While there is much financial advisors cannot control about their professional trajectory at the moment, there are some important points to focus on to stay on track.

The world is a very different place than it was just a week ago—and continues to change in ways no one could predict nor prepare for. First and foremost, we are navigating an extraordinary health crisis and must prioritize taking care of ourselves and our loved ones.

And of course, there’s the formidable financial crisis—the impact of which is unquantifiable at this time. As advisors entrusted with the financial well-being of your clients, it probably feels like you’re drinking from a fire hose—balancing communications with them while processing an abundance of information from your firm and the media.

Advisors that we’ve been talking with over the past week are walking through these times with courage and compassion. But at the same time, they’re wondering about their own business lives going forward—curious about the state of recruiting now and into the future: 

Are advisors still moving?

Are the firms still recruiting?

Are aggressive transition deals still there?

Are advisors still going independent?

And while our answer to all of the above is “Yes,” it’s certainly not business as usual. Here’s where things stand today …

Are advisors still moving?

Advisors who were far along in their due diligence processes or had commitments to move are still planning to do so. Attorney David Gehn, a partner in litigation at New York–based law firm Ellenoff Grossman & Schole LLP, says, “If an advisor believes he will be better served elsewhere, then a move is appropriate. However, if a team is moving now or in the near future, there is an extra level of diligence that should be undertaken to ensure that all the requisite support needed for transition and ongoing operations is available.”  

Understandably, though, advisors who were just beginning to dip their toes in the due diligence waters are likely to take a hiatus until things stabilize. 

Are the firms still recruiting?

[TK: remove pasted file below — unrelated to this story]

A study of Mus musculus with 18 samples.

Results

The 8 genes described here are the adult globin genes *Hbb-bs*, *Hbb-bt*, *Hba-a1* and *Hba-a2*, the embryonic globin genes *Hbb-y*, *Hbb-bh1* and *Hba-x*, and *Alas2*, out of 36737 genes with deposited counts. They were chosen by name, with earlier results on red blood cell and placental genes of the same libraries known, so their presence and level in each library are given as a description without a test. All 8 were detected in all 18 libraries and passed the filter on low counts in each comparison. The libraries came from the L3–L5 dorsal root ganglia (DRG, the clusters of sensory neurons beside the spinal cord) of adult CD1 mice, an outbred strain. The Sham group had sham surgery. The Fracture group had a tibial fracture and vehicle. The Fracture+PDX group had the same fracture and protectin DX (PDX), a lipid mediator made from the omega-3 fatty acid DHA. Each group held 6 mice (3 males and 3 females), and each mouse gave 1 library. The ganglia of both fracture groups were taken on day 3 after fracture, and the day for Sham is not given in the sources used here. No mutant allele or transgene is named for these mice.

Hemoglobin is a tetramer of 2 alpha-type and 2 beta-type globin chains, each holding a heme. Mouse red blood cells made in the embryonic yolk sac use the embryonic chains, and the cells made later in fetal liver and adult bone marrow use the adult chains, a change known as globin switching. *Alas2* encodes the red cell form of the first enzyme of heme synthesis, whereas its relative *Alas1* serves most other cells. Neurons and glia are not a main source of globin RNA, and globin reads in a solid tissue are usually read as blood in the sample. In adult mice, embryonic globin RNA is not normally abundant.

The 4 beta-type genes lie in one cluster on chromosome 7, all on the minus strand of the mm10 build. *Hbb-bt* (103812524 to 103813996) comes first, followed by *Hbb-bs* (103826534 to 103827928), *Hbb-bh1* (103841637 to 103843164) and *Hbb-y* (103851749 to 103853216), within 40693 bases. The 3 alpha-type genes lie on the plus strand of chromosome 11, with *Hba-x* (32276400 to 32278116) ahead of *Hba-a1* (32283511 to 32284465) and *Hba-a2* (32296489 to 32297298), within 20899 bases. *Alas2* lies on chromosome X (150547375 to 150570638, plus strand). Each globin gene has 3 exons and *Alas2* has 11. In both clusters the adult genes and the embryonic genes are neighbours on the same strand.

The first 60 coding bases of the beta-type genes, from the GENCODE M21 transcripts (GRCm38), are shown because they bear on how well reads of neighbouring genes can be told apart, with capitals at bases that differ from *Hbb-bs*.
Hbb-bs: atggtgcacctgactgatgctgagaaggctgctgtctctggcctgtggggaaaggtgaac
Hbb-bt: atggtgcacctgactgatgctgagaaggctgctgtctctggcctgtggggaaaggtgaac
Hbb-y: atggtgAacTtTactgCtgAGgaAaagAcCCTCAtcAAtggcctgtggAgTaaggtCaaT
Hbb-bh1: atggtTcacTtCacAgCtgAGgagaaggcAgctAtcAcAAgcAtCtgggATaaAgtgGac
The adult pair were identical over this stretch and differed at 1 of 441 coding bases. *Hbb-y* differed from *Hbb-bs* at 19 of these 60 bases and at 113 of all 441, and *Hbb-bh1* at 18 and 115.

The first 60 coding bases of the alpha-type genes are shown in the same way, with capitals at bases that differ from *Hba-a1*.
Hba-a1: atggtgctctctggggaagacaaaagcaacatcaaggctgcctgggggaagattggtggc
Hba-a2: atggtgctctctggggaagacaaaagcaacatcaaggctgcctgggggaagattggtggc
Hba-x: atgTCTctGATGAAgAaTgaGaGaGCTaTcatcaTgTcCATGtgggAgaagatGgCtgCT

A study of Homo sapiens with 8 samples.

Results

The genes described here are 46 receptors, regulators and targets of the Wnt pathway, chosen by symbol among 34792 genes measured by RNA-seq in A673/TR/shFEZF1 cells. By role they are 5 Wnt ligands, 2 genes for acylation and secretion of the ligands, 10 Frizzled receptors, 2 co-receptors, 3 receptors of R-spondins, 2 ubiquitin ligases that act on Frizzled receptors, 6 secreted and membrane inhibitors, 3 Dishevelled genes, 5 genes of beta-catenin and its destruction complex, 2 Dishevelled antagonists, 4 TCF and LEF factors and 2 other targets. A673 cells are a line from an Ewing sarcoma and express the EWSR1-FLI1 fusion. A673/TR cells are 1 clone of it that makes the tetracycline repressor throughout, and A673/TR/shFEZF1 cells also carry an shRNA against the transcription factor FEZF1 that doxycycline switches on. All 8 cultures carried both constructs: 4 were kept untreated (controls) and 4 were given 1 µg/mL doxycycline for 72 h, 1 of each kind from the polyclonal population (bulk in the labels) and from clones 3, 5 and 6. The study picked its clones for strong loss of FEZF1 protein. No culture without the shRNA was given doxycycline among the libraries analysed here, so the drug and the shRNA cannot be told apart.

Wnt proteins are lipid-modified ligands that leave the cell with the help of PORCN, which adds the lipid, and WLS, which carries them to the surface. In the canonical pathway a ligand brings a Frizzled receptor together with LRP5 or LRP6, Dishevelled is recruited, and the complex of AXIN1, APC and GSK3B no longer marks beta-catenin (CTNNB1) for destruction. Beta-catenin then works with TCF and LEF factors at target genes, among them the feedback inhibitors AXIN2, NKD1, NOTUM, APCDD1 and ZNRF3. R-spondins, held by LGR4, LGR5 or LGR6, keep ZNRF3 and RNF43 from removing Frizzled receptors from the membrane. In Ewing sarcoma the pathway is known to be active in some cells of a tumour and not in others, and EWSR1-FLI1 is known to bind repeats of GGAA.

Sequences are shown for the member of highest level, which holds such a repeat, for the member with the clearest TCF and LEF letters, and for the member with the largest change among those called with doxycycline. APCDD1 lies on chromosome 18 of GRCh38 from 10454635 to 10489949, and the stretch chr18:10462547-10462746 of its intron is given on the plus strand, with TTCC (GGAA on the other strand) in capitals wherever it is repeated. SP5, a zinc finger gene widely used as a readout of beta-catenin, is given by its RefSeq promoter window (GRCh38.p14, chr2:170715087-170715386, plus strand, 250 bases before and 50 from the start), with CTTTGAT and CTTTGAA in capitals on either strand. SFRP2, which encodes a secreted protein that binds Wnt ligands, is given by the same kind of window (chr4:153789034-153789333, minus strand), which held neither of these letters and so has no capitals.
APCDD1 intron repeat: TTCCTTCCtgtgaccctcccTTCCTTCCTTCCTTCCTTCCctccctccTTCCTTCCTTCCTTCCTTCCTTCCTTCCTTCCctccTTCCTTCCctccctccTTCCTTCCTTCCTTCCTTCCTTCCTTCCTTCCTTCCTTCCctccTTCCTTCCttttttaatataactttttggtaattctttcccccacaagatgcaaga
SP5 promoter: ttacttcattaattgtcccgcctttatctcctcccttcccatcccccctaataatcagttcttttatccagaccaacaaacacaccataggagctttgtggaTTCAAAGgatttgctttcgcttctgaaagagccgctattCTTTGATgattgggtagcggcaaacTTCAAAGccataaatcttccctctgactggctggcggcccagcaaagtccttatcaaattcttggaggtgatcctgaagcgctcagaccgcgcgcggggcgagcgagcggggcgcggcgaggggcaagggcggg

The prevailing message from leadership at every wealth management firm, independent broker/dealer and custodian is that recruiting remains a top priority—and they are still actively onboarding advisor talent, although the timing of a move may be fluid. The firms are taking their cues from advisors and engaging at whatever pace the recruits feel comfortable with.

Are aggressive transition deals still there?

As of this moment, we have no reason to believe that transition deals will change in any way. What remains to be seen is how the firms will account for declines in advisors’ T12 production numbers over time. As of now, it appears most firms are honoring outstanding transition offers if a team moves within the next 60–90 days.  

Are advisors still going independent?

We are working with many advisors and teams who are planning to break away. In addition to the many advantages of independence motivating them to leave the banks and brokerage firms, the ability to more nimbly and creatively communicate with clients, particularly in times of crisis, has become a more significant driver than ever before.

But what about timing?

Yet, of all the questions we are asked, the one we are asked most often is this:

Is it appropriate to consider change in the midst of this volatile climate?

Considering change, in any climate, is a highly personal decision. So we always counsel advisors to think about the following:

  1. Don’t let fear drive your decisions—be thoughtful, measured and prudent.
  2. Don’t lose sight of the goals you set for yourself—timing may be the only thing that ultimately needs to shift.
  3. Remain big picture focused—in the wake of a crisis, it’s even more important to keep your eye on the prize and continue making decisions with the endgame in mind. 
  4. Use this time to view your firm through the lens of being a good partner—ensuring that you have the support, platform and freedom that allows you to best serve your clients.
  5. And, while uncertainty and instability are the watchwords for now, remember this, too, shall pass.

These are unprecedented times for which there is no playbook. How people choose to react and respond is highly personal. But we do know this: When you are expected to be a professional cheerleader for clients and staff, you’re likely forced to ignore your own feelings of fear and anxiety, leaving you overwhelmed and exhausted. (I know, because I am the “cheerleader in chief” at Diamond Consultants.) So it is equally important that you be observant of your feelings, taking good care of your mental well-being as well as your physical health—and acknowledging the impact stress may be having on you.

For me, I find healing moments in those things that center me: Taking breaks often. Going for walks. Meditating. Exercising. Talking with my family. And being fully present in every conversation I have.

And while there’s much going on that we can’t control, there’s much that we can. That is, our attitudes, our responses and the decisions we make. So let’s move through this together, staying healthy and well, with a mindset that is open and positive.

Mindy Diamond is president and CEO of Diamond Consultants in Morristown, N.J., a nationally recognized boutique search and consulting firm in the financial services industry.